As we witness the evolution of the regulatory landscape across the MENA region, it was timely for us to investigate and lift the lid, on what is keeping the region’s legal decision-makers awake at night.
Our first-of-its-kind report titled Legal Leaders in MENA is out now! It captures the views of 700 legal decision-makers across nine countries and 13 industry sectors in MENA, as well as in-depth interviews with experts from key sectors such as financial services and education to name a few, which revealed the emerging risks and priorities challenging the legal sector across the region.
In 2017, for the first time the UAE Government established a State Ministry for Food Security, which became FAO’s line Ministry by June 2019. The new Minister has led the new
UAE National Food Security Strategy 2051, which was approved in November 2018. It is most notable that the new strategy aspires to make the UAE top of the Global Food Security Index by 2051 and among the top 10 countries by 2021, and focuses on facilitating the global food trade, diversifying food import sources and identifying alternative supply schemes.
In 2018, the UAE Government announced that the UAE stood at 31st place on the Global Food Security Index. In December 2019 the index showed that the UAE had risen 10 places to 21st position, with the National Food Security Strategy 2051 proving its influence throughout the year. This is an impressive achievement by the UAE and is a clear indication that the UAE is benefiting from the strategy which aims for its population to have access to safe, nutritious and affordable food for a healthy life at even during states of emergencies.
Due to the UAE’s climate, water and land resources, it can only provide a small fraction of its overall food requirements. The UAE Government strives to develop its food producing sectors with key focus on the aquaculture sector, to facilitate its goal of achieving the UAE Vision 2021 and the UAE Centennial 2071 Plan. The UAE Government issued Aquaculture Pulse 2020 report which aims for the aquaculture sector to enhance marine resources, maintain their sustainability and guarantee food security for future generations. The report analyses consumption in the local and international markets, taking into account the product quality and size. This strategic report aims to attract investors and ensure the success for aquaculture projects in the UAE, highlighting the advantages of the local produce in terms of quality and cost.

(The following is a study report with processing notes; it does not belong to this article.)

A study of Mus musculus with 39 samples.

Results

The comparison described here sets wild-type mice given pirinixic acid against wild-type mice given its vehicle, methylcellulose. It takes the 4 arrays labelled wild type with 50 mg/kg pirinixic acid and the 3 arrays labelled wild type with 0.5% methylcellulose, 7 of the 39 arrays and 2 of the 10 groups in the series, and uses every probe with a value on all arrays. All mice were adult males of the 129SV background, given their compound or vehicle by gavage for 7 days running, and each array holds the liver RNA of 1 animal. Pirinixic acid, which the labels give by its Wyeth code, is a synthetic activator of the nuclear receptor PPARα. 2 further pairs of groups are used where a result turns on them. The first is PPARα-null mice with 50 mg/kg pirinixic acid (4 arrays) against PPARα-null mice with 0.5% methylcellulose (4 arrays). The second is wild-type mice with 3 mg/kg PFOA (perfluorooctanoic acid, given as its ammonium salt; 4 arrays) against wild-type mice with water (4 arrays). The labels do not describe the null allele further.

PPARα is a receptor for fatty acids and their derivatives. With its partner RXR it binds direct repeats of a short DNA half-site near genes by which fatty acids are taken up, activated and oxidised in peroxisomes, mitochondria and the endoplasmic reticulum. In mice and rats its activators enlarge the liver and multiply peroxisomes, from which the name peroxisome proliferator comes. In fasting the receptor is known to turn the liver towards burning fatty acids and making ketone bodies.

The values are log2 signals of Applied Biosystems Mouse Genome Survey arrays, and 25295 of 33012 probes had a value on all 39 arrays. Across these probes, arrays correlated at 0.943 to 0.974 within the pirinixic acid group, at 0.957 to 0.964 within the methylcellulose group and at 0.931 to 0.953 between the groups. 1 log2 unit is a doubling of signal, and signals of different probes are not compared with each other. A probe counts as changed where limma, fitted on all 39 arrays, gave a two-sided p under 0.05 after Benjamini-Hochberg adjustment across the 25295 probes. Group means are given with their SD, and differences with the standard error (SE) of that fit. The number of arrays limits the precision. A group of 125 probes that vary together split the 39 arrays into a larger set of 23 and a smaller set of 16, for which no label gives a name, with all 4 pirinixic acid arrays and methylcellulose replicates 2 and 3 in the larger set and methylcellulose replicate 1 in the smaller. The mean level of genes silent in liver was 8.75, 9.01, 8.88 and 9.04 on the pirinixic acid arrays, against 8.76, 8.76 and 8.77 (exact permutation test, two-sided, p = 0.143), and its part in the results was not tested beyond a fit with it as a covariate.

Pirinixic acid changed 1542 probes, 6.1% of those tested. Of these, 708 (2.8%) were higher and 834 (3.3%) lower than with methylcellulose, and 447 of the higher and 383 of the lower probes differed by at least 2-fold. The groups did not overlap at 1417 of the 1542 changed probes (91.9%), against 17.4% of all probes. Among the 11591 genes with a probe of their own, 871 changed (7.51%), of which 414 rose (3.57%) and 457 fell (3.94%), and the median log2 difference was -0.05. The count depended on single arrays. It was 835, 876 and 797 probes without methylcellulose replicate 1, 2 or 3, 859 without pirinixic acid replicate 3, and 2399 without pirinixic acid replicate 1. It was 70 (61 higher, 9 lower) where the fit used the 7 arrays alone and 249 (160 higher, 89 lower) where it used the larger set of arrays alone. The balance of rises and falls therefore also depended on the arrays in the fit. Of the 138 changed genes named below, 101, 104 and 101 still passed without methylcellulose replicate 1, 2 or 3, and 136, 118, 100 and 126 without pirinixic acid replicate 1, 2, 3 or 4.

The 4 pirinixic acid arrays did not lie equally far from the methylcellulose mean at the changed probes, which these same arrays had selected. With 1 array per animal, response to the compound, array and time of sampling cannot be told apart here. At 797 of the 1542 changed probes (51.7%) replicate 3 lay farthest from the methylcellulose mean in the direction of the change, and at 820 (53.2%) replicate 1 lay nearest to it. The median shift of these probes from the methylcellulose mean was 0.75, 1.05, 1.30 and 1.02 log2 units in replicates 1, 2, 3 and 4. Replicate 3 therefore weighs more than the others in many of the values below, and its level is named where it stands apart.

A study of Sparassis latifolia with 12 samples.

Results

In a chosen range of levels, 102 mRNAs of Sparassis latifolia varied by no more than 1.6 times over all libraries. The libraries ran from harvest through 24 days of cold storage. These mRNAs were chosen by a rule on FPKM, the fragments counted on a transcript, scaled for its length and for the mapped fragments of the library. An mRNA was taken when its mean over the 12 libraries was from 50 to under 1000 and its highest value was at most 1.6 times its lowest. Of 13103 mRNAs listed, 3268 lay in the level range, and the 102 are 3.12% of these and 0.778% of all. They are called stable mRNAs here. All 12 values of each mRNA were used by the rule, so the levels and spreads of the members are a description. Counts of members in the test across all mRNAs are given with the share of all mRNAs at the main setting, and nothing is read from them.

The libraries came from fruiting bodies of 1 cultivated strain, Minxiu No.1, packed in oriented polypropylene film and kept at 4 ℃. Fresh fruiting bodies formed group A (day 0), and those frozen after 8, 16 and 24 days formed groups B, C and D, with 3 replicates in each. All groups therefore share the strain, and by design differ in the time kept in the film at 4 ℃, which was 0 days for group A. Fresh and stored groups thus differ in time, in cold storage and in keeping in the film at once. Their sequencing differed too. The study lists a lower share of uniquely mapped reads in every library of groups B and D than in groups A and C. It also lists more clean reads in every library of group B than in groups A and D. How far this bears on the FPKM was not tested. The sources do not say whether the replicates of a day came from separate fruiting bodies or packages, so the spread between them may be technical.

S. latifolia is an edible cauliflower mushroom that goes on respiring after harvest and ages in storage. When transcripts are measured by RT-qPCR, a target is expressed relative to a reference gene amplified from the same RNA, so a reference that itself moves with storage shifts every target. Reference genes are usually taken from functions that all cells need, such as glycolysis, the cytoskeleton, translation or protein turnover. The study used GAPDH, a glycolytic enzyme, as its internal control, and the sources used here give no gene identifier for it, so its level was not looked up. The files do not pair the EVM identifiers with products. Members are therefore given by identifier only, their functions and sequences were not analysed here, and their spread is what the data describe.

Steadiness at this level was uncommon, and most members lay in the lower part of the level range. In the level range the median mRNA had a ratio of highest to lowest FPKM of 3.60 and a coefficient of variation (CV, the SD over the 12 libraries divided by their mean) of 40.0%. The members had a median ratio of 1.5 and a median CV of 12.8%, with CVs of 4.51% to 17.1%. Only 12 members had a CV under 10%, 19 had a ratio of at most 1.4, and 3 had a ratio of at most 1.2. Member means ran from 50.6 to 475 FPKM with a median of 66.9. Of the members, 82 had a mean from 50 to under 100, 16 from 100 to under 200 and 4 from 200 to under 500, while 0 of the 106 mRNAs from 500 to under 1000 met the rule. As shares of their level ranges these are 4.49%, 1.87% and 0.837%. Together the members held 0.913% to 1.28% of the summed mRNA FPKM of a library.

Further, on 28 June 2020, the UAE Cabinet approved the national system for sustainable agriculture to improve self-sufficiency in food, enhance farms and create opportunities to ensure that the agriculture sector is always ranked high in the UAE. The national system for sustainable agriculture seeks to:
In addition, the UAE Government has also:
The UAE recently introduced the Strategic Food Security Law which was approved with the aim of enhancing food supplies in the event of emergencies, and thereby achieving food sustainability. The provisions of the law apply to the Ministry of Economy (‘MOE’), producer or importer and the registered vendors with a view to ensuring adequate food supplies across the UAE at all times, including in the event of a disaster.
The Strategic Food Security Law provides that the MOE shall prepare statistics, reports and databases in relation to the production and provision of food, propose policies relevant to food commodities, estimate the volume of food consumption and availability of produce in the UAE and the originating.
In relation to providers and the registered vendors, the new law imposes several obligations which they must abide by and they are as follows:
The Strategic Food Security Law also provides that incentives and facilities will be introduced for the provider and registered vendor through a Cabinet Resolution which is yet to be published.
Non-compliance with the Strategic Food Security Law imposes significant monetary penalties including a fine of no less than AED 500,000 (US$136,000) and not more than AED 2 million (US$5.5 million) which can be imposed on producers, importers and registered vendors who are found to be in violation.
It is clear that securing sustainable sources of food is a matter of national security. The initiatives introduced by the UAE Government and the new Strategic Security Law will further enable the UAE to achieve its vision of becoming a leader in food security by 2051.